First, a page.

Lithuania faces EU sanctions over sexual orientation protections
The Lithuanian parliament, the Seimas, will vote today on whether to remove sexual orientation, age and disability from a new draft law on equal opportunities.
Several articles of the proposed legislation had conformed the European Union anti-discrimination policy, which covers those three groups, but was amended last week.
If it passes, it could mean that gays in Lithuania could be paid less or fired from their jobs due to their sexual orientation.
This will affect all people living or working or visiting the small Baltic state and could open a flood gate of discrimination in access to good and services.
The proposed law not only takes the country back ten years, but also comes into direct conflict with a European Council Directive which states that disability, age or sexual orientation must be covered.
The European Parliament’s Intergroup on Gay an Lesbian rights has called upon Lithuania to respect all its citizens equally and keep the protection against discrimination on grounds of sexual orientation.
“I must warn Lithuania, that sanctions will follow, if the effective redress stipulated in Directive 2000/78/EC is not guaranteed”, said Michael Cashman, President of the Intergroup.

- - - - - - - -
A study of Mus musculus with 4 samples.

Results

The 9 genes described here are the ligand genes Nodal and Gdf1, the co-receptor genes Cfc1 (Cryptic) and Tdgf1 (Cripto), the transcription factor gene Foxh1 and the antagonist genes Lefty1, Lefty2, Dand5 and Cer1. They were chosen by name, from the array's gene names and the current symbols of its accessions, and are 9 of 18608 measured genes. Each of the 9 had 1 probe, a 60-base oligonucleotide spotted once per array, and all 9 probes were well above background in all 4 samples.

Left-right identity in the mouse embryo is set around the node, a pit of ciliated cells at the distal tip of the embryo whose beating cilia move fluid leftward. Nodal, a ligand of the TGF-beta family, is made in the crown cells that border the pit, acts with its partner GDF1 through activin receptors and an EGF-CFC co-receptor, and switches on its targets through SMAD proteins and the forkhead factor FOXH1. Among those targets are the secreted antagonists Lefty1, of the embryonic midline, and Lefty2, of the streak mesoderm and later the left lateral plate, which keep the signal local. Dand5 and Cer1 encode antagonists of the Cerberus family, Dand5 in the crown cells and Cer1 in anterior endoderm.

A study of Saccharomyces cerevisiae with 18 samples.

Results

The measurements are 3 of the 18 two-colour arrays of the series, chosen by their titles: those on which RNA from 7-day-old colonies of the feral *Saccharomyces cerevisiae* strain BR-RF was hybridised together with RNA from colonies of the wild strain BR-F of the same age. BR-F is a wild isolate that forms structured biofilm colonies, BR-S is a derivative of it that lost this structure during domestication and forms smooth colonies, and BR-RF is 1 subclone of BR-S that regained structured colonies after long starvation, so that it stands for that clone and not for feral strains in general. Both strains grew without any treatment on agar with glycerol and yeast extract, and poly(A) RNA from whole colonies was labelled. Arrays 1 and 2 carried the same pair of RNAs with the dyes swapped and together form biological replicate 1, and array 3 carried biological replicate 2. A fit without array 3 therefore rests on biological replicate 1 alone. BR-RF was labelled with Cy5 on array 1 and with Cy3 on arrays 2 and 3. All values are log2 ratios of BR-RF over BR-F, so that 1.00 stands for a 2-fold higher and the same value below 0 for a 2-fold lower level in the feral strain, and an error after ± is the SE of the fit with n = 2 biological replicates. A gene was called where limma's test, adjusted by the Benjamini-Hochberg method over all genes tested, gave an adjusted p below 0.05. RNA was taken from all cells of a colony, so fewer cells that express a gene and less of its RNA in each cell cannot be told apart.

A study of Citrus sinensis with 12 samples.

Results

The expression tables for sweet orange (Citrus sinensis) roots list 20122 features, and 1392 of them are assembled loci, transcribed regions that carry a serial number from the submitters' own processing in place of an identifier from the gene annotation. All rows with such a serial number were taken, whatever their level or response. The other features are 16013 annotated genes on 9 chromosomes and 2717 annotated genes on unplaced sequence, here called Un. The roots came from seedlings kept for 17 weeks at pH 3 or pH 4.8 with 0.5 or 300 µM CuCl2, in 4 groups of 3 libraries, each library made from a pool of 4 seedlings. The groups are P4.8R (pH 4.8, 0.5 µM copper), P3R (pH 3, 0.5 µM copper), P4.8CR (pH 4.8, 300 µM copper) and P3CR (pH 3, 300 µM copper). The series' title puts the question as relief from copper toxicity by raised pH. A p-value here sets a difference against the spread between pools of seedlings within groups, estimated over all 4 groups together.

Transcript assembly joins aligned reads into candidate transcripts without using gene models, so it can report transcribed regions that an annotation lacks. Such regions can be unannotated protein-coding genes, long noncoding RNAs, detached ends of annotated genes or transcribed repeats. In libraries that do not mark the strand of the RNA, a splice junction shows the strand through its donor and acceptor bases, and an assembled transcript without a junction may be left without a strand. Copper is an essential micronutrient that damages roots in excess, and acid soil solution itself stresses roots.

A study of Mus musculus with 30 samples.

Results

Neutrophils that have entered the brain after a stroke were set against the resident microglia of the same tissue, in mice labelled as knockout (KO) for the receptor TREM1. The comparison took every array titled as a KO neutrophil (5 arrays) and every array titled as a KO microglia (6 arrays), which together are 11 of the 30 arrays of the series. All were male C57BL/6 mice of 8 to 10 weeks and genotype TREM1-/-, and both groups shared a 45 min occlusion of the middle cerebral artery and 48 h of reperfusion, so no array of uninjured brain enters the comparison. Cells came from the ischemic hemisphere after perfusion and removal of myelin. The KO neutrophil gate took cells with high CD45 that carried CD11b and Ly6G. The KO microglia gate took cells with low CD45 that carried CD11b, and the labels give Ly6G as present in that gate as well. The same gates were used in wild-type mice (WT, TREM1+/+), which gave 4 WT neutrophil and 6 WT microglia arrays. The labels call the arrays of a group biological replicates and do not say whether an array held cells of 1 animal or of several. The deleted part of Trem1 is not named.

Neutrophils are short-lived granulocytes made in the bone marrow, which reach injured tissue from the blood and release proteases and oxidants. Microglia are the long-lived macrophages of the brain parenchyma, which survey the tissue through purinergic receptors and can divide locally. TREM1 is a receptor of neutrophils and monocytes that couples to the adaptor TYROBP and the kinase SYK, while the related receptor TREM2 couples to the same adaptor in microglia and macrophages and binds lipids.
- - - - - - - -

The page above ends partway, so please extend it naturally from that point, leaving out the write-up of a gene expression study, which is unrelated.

“This act by Seimas will also send a negative signal to the world that Lithuania is a country of intolerance. Vilnius will be The European Capital of Culture of 2009. It must welcome and protect all our citizens not just from the EU, but from around the world. I urge the Lithuanian politicians to do the right thing.”
This is not the first time the Catholic dominated country has shown its homophobic side.
In May last year, Lithuania faced criticisms from human rights group Amnesty International and the EU when Mayor Juozas Imbrasas refused to allow EU-sponsored anti-discrimination trucks into the capital Vilnius.
Gay rights marches are effectively banned for “public order” reasons.